Gaining Practical Experience for Successful Summer Internships
by Tom Stokes, MBA '13
After participating in the Strategic Marketing Immersion last spring, I headed west to S.C. Johnson as a marketing intern. The Immersion’s curriculum was highly valuable in providing marketing knowledge that would allow me to succeed as an intern, and I believe it gave me a significant advantage compared to interns from other business schools.
The most valuable aspect of the Marketing Immersion was having the opportunity to work on a student-staffed team to solve a real marketing business problem through a semester-long consulting project. Our client, a recent Johnson graduate now at S.C. Johnson, assigned us a legitimate issue faced by his business.
We were required to collect and distill secondary research, interview our client, and analyze Nielsen scanner data. In addition, we developed a survey that was completed by more than 800 consumers, and analyzed the resulting data to segment potential consumers and identify a target.
While the specific activities involved in the project were very useful, the real value came from the experience of developing a compelling “story” for our client. Based on the expertise we had gained from examining a wealth of information, he expected us to guide him through only the essential data that would ultimately inform our recommendation.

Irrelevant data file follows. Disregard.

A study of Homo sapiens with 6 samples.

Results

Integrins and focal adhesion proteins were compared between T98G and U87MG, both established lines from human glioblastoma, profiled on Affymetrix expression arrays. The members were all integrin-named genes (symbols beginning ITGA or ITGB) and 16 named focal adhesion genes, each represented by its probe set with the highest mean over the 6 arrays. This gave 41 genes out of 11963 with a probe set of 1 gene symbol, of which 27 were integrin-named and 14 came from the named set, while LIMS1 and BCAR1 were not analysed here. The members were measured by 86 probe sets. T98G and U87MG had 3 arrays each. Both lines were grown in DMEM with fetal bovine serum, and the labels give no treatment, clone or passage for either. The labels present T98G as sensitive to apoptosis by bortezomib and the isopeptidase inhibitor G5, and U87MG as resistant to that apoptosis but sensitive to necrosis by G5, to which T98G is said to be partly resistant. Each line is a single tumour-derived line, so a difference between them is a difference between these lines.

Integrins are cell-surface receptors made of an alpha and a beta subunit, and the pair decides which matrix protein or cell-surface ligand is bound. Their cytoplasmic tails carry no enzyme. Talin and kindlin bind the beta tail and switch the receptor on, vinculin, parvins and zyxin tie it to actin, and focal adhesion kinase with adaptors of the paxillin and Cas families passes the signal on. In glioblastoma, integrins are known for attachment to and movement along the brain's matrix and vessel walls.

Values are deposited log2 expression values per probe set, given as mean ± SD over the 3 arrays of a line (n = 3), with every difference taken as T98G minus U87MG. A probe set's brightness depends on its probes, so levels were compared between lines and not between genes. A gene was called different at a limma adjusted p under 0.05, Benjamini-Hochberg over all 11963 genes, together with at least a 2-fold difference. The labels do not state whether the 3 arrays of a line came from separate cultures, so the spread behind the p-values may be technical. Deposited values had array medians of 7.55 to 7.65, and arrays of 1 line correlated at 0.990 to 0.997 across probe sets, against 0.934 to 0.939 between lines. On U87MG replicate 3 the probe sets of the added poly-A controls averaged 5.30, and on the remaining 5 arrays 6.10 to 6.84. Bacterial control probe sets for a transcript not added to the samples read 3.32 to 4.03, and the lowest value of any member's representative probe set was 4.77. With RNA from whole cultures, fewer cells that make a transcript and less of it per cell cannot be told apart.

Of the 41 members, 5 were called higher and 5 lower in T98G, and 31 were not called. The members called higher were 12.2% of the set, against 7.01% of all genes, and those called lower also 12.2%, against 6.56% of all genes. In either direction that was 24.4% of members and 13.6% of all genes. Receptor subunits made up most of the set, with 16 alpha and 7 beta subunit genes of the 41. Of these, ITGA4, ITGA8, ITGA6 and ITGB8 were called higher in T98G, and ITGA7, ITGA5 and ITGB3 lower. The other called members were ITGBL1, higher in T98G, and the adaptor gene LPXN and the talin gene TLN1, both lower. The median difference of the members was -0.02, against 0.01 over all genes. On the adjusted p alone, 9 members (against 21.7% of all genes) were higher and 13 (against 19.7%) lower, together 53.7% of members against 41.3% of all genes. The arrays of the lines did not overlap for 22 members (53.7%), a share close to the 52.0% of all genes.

A successful marketer must be able to filter a significant amount of disparate information to develop a concise and convincing story. With coaching and insights from Professor Thomas and Professor Park, our client, and marketing executives Warren Ellish and Scott Sainsbury, we cultivated this essential skill.
When I received my project assignments from my manager on the first day of my internship, I felt very well prepared to tackle several complicated issues because of the experience I had gained from the Marketing Immersion. I knew that I would have to convince my manager, through logical and data-driven presentations, that I had the best answers to their business problems.
I carried out my research with the assistance of my S.C. Johnson colleagues and delivered presentations of which I am very proud. The team-based practice I experienced prior to my internship was indispensable to my success.